Chinese astronauts check out newly delivered space station supplies (video)

Chinese astronauts check out newly delivered space station supplies (video)

Astronauts aboard China’s space station have entered a newly arrived cargo spacecraft to begin sorting and checking out the goods.

The freighter, called Tianzhou 7, launched on a Long March 7 rocket from Wenchang Satellite Launch Center on Jan. 17, arriving at the Tiangong space station just over three hours later.

Footage released on Tuesday (Jan. 23) by the China Manned Space Engineering Office shows the Shenzhou 17 astronauts opening the hatch to Tianzhou 7 and beginning the work of sorting through its cargo.

Related: The latest news about China’s space program

an astronaut in a blue flight suit examines cargo in a white bag aboard a white-walled space station

The astronauts of China’s Shenzhou 17 mission unload cargo from the Tianzhou 7 freighter aboard the Tiangong space station in January 2024. (Image credit: CCTV)

There are around 250 cargo packages inside Tianzhou 7’s pressurized cabin with a total mass of about 12,350 pounds (5,600 kilograms). This material includes daily supplies for astronauts, maintenance kits and spare parts for space station equipment, samples for experiments and station propellant.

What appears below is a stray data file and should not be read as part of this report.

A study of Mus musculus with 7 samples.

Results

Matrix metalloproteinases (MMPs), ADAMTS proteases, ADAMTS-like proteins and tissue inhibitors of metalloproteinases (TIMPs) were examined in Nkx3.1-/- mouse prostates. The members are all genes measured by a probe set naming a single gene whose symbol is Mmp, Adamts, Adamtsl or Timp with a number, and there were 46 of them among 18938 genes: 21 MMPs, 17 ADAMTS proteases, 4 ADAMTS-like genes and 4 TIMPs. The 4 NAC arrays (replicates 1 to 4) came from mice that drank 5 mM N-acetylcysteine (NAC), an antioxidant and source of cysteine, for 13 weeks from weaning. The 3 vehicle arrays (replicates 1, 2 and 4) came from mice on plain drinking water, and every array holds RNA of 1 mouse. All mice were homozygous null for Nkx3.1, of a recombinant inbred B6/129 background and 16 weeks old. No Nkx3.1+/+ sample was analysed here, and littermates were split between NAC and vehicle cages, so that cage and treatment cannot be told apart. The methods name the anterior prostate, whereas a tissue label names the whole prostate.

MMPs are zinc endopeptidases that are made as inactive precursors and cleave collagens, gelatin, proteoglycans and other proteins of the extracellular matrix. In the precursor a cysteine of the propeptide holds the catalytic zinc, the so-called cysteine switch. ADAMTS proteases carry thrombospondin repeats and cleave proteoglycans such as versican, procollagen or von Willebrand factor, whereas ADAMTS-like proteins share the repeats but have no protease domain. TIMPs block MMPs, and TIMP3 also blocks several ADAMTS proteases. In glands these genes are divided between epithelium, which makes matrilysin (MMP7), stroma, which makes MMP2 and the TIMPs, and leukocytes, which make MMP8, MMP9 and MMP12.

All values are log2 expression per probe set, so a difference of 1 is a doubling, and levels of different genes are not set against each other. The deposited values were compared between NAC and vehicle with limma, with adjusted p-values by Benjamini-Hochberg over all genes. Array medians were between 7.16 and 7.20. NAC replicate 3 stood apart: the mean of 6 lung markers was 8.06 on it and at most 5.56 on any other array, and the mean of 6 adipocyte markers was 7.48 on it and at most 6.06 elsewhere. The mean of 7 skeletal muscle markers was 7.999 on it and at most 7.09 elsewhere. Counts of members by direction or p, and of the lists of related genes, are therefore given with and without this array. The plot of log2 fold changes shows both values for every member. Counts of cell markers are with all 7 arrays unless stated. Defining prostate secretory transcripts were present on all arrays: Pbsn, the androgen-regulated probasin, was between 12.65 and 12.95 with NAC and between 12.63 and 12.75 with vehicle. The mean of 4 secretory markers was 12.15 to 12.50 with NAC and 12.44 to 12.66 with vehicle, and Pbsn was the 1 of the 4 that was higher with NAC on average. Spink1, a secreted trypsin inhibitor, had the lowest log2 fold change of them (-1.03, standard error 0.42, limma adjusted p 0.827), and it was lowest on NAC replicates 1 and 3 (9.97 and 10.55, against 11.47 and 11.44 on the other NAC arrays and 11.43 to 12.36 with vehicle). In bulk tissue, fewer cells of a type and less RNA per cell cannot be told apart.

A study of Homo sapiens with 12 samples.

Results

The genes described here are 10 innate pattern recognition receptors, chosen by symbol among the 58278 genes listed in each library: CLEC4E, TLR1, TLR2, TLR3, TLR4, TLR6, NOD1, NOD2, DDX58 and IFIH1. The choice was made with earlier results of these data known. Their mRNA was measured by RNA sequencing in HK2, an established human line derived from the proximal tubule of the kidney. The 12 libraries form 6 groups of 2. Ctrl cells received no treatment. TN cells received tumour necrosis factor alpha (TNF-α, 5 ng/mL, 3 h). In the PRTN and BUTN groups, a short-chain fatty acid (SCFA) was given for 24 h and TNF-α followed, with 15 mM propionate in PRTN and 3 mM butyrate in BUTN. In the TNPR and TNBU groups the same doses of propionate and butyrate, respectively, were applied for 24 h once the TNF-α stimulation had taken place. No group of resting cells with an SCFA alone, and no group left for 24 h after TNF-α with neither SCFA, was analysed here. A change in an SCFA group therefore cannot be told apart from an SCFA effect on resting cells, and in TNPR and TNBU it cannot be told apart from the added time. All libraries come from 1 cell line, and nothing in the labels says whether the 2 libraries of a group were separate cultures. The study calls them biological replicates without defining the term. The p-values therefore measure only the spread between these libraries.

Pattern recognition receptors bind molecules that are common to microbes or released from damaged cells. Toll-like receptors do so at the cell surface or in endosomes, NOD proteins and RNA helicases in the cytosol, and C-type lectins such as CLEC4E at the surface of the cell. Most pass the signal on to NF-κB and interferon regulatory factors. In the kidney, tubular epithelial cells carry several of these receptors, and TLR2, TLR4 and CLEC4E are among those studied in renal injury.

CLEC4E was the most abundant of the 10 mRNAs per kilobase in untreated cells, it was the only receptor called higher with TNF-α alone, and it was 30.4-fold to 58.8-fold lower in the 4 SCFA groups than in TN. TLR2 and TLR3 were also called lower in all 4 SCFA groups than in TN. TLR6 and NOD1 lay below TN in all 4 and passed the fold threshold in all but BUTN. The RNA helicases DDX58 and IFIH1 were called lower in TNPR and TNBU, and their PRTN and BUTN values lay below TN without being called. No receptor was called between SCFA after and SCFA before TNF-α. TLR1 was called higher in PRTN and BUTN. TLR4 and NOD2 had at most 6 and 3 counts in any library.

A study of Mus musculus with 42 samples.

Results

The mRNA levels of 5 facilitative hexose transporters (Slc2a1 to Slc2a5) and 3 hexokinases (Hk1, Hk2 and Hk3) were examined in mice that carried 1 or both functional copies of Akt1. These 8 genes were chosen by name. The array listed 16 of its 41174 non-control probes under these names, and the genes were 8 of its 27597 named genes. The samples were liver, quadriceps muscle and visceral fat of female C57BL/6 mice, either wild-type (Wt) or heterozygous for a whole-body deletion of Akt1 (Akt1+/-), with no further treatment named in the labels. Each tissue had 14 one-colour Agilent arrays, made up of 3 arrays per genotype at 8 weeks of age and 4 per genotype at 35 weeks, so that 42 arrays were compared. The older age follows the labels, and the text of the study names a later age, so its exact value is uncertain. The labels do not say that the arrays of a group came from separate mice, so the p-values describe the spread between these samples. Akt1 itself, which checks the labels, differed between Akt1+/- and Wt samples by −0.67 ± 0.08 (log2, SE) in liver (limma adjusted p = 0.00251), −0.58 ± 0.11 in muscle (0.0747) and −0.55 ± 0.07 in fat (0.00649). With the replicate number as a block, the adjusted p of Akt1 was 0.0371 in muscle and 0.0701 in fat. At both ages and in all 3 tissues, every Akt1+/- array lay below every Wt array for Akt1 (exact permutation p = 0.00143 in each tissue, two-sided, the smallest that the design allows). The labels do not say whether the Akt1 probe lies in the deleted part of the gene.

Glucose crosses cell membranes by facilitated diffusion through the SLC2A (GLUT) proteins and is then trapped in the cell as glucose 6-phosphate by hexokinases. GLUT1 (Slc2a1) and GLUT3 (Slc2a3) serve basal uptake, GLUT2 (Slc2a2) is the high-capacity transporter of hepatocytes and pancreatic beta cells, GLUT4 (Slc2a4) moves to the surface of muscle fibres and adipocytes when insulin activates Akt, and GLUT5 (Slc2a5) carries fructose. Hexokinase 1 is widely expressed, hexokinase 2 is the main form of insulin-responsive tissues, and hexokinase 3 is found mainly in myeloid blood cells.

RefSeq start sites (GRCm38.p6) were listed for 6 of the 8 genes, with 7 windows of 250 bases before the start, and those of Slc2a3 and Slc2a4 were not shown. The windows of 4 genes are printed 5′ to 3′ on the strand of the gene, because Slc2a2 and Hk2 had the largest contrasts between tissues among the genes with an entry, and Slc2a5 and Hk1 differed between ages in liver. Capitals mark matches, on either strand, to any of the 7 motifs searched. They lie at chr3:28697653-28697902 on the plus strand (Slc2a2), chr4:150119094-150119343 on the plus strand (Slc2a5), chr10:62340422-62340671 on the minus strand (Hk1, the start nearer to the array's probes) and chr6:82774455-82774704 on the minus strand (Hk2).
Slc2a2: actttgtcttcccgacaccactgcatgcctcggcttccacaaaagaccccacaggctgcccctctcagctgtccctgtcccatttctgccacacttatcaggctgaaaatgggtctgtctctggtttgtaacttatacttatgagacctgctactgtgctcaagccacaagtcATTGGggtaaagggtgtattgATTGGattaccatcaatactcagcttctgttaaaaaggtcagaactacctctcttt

The supplies will feed Shenzhou 17 mission commander Tang Hongbo, 48, and his former fighter pilot crewmates, Tang Shengjie and Jiang Xinlin, for the remainder of their six-month-long mission in orbit. They will also provide for part of the future Shenzhou 18 mission.

Tianzhou 7 also bears Chinese New Year gift packages for the Shenzhou 17 astronauts, and gifts for the handover to the next crew to arrive at Tiangong.

Tiangong, which is about 20% as massive as the International Space Station, is a T-shaped structure consisting of three modules. Tianzhou 7 is the sixth cargo mission to arrive at the orbital outpost since its construction began in 2021.